Networking is by far the most complicated component in the modern data center. Servers and storage are a challenge, to be sure, but maintaining adequate bandwidth, throughput and connectivity, not to mention security, is what really gives enterprise executives fits.
This is part of the reason why networking has struggled to keep up with the virtual and solid state revolutions that have hit IT. Developments like SDN and NFV can only be implemented once the upgrade paths in the server and storage farms are fairly established.
Unfortunately, everything changes, including change itself. So even as most enterprise networks take their first tentative steps into virtual infrastructure, it seems things are about to change all over again.
Server virtualization, for example, is heading for a makeover with new container-based solutions from Docker and Linux. The idea is to enable a single operating system to simultaneously handle multiple applications, as opposed to creating multiple virtual machines, each with their own OS. Supporters say this provides a more efficient and effective means of distributing workloads, but it also impacts network infrastructure, as Cisco is finding out. The company is said to be working with Red Hat on ways to alleviate some of the problems that containers present, such as the need to provision VLAN resources, open up ports, establish security and other issues. Most likely this will be done through some form of “application-optimized container” that would essentially embed these functions on the app layer to allow self-provisioning in the new virtual environment.
Other people are starting to look toward emerging hyperscale infrastructure to see if there are more efficient ways to configure networks on a broad scale. On possibility is the “core and pod” architecture that top web-facing companies like Google and Facebook are using, says ‘Gigaom’s Jonathon Vanian. In this approach, IT executives determine the optimal hardware configuration for key applications so they can be pooled into multiple pods that are then tied to a core network for distribution to users. This is said to provide for easier data management in scaled environments because it becomes a matter of linking appropriate pods rather than individual server and storage components.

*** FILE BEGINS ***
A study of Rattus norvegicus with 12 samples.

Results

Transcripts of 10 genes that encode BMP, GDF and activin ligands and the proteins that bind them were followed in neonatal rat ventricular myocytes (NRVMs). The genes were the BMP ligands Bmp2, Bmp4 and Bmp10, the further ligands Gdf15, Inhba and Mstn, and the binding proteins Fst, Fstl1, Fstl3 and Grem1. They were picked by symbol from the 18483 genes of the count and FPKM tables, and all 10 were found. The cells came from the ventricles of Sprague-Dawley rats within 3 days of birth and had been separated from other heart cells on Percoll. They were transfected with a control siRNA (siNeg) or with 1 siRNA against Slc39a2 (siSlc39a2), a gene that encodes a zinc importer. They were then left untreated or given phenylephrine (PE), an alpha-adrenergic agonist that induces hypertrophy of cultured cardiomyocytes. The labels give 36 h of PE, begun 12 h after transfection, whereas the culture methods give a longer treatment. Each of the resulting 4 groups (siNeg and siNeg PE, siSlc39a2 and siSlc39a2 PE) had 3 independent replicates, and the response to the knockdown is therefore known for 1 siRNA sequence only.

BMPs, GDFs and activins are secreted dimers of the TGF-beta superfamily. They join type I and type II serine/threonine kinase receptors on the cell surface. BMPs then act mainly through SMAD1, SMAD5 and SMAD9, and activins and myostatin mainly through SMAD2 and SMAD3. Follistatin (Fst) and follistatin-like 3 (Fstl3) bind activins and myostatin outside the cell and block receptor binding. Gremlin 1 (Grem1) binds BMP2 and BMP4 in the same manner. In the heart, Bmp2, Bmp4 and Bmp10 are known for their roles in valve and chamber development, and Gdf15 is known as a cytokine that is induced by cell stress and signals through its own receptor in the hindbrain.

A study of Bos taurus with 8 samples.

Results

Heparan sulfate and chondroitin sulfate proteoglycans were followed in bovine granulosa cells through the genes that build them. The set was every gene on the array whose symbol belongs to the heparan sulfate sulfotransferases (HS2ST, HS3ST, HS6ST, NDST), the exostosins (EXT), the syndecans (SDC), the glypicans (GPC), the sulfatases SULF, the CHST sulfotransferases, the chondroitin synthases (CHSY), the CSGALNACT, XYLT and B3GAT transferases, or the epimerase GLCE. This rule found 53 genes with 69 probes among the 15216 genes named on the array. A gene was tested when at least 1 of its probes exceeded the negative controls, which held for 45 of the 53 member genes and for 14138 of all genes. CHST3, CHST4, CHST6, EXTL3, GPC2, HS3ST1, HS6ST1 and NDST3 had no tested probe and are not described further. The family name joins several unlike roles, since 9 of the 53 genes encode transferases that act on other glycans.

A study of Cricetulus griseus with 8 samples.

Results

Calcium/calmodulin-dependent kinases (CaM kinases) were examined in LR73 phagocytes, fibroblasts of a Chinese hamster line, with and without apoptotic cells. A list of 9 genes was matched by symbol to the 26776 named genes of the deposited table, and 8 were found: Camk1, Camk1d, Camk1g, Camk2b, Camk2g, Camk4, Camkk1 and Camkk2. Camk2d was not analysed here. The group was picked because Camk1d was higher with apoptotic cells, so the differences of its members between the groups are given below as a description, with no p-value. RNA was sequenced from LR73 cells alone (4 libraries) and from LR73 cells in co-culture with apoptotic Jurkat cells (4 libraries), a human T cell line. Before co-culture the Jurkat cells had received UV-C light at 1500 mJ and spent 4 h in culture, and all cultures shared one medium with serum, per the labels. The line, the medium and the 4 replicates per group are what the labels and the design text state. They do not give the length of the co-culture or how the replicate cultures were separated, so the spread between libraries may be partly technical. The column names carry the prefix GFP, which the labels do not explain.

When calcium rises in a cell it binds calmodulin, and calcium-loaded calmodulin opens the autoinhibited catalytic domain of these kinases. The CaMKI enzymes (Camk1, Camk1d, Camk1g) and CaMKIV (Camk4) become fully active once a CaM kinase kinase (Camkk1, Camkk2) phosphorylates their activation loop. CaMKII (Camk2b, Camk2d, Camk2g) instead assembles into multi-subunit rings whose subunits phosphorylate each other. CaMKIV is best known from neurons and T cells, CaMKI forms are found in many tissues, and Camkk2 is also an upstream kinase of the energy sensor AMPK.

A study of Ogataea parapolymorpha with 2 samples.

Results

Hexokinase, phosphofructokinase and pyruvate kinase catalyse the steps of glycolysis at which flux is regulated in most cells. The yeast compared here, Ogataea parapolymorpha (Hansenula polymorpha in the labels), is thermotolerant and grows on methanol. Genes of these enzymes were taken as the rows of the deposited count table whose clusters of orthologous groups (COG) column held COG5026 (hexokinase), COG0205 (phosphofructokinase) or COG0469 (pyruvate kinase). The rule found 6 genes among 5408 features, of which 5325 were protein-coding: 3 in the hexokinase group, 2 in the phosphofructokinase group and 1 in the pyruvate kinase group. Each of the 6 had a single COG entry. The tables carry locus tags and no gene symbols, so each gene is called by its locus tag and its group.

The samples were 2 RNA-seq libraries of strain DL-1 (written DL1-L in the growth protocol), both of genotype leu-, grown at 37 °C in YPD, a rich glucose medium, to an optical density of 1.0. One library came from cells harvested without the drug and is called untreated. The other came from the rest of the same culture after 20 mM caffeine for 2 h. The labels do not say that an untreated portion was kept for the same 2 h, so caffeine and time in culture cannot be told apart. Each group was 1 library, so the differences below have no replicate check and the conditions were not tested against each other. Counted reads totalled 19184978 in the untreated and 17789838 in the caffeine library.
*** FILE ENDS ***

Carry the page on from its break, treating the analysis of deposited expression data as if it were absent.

Networks are also under pressure to be “hyperconverged” to allow for easier integration between cloud architectures and software defined environments. Supporters of the concept claim that by converging resources inside modular, commodity systems, they can be integrated to a higher degree to provide for increased levels of control and flexibility. For example, SimpliVity’sOmniStack Data Virtualization Platform allows for multiple core data functions to be stacked within a Cisco UCS C240 rack-mounted server, so not only do you get the hypervisor, compute, storage and networking components bundled into a single entity, but backup, replication, cloud gateway services and caching as well. And this can all be pre-engineered at the factory so it is ready for deployment right out of the box.
Part of the reason networks, and data infrastructure in general, are changing to such a degree is the fact that the way we use data is changing as well. The U.S. military has probably the most sophisticated network environment in the world, and it is rapidly upgrading its capabilities to enable broad collaboration between users and teams across the globe. The Department of Defense has instituted the Joint Information Environment, which calls for a centralized, integrated network that provides advanced sharing of services and applications without compromising security or a common operating framework. The program is a work in progress, with many of the ultimate details still undecided, but as with many military endeavors, failure is not an option.
As the link between resources, data sets and users themselves, the network plays a crucial role in the emerging data ecosystem. But its complexity often makes it the laggard when it comes to supporting new services and applications.
Software defined architectures will help with this problem, but changes to the underpinnings of virtual and even physical infrastructure will continue to throw curveballs at IT in the coming decades.
Preparedness is key, but so is flexibility. And in the end, some advances will only come about through significant time, effort and expense.